Executives at AIB -- the bank taxpayers have bailed out to the tune of €3.5bn so far -- will share €40m in bonuses just before Christmas.
In a move certain to spark fury, the bank has decided about 2,400 staff must be paid the bonuses for legal reasons after several of them took court action.
Cheques for an average of €16,700 are likely to be sent out to executives on December 17. Staff last year received €54.9m in bonuses.
Paying the bonuses -- for work at the height of the financial crisis -- comes as taxpayers are smarting from having their incomes slashed in the Budget.
Shareholders are also likely to be furious after their AIB shares tumbled from €23.95 to just 50c over the last two years.
Ironically, the bonuses are for work done in 2008 when the bank came close to collapse before the Government stepped in with a taxpayer guarantee.
AIB's shares have fallen by almost 60pc this year alone.
It is understood a large number of AIB staff have now taken legal action seeking their bonuses, agreed under contracts signed before the economic crash. A few weeks ago analysts put the total cost of the bonuses at no more than €10m, but this has now quadrupled. AIB declined to comment last night.
The €40m bonus is a significant chunk of the bank's market value these days. The stock exchange values the entire bank, which was once the largest Irish bank until it was eclipsed by Bank of Ireland, at just €540m.
While the bank and the Government have halted so-called "discretionary'' bonuses, it appears they have no legal power to stop bonuses included in the contracts of individual staff members.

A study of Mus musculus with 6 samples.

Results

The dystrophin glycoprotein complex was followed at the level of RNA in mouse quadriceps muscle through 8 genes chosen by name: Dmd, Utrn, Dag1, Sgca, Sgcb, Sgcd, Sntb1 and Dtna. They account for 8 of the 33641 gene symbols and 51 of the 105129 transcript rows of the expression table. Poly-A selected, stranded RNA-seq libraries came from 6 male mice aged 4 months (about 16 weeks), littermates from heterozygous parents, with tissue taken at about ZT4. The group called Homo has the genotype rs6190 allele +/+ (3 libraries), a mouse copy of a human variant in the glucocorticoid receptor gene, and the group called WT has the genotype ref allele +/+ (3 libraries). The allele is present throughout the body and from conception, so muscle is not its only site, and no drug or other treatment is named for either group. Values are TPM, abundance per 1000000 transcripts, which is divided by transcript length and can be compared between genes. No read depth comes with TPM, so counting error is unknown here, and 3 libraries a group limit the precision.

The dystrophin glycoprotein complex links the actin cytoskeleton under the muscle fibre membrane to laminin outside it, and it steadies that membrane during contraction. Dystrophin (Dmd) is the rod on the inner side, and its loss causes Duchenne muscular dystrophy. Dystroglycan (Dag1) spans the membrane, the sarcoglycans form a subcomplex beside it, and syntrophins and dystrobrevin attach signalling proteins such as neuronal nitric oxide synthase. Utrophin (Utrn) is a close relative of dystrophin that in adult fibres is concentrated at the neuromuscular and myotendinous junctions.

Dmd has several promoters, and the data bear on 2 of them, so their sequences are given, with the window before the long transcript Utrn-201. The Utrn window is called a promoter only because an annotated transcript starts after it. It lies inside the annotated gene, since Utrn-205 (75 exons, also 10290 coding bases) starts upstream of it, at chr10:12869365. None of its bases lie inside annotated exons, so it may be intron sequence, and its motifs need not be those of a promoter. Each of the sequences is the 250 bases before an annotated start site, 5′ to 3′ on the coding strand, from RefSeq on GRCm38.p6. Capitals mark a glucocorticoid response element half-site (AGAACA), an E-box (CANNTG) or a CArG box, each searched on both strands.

Only yesterday, Finance Minister Brian Lenihan said he thought it was unlikely bonuses would be paid out for some time at the banks. He said until the banks were profitable again and made a "return'' to the taxpayer, he didn't think any bonuses would be sanctioned.
Despite this, the €250,000 semi-state pay cap announced in Tuesday's Budget will not apply to bankers in state-owned institutions. This means those in charge of failed state-owned banks will still be able to earn twice as much as those in charge of successful state-owned companies.
The Department of Finance last night confirmed in a statement that it was "not intended that the (€250,000) cap apply to state-supported banks".
It's not the first time the bank has paid its own employees extra while the rest of the country was tightening its belt. In October last year the lender hiked salaries for 5,000 Irish employees by 3pc.
The taxpayer has already spent €3.5bn propping up AIB but the eventual size of the bailout is likely to be much larger. The bank said last week that it will need to raise €5.3bn of additional capital by the end of February to reach targets set by the Central Bank.
Most analysts expect the bank won't be able to raise this amount, which will force the Government to effectively nationalise it.
The Government has also helped the bank by creating the National Asset Management Agency (NAMA) to buy distressed property loans -- a plan by which NAMA "invests" billions to buy AIB loans after years of reckless lending. That money, like the bailout money, may or may not be recovered in future.
The revelations came as it emerged that the UK's rescue loan to Ireland could increase if the economy here runs into trouble. Chancellor George Osborne conceded this yesterday as he refused to rule out similar action to help other troubled European states.
Mr Osborne said emergency legislation would be published today capping Britain's loan at £3.25bn (€3.87bn). However, the bill will include a clause allowing the ceiling to be increased, subject to a vote in the Commons.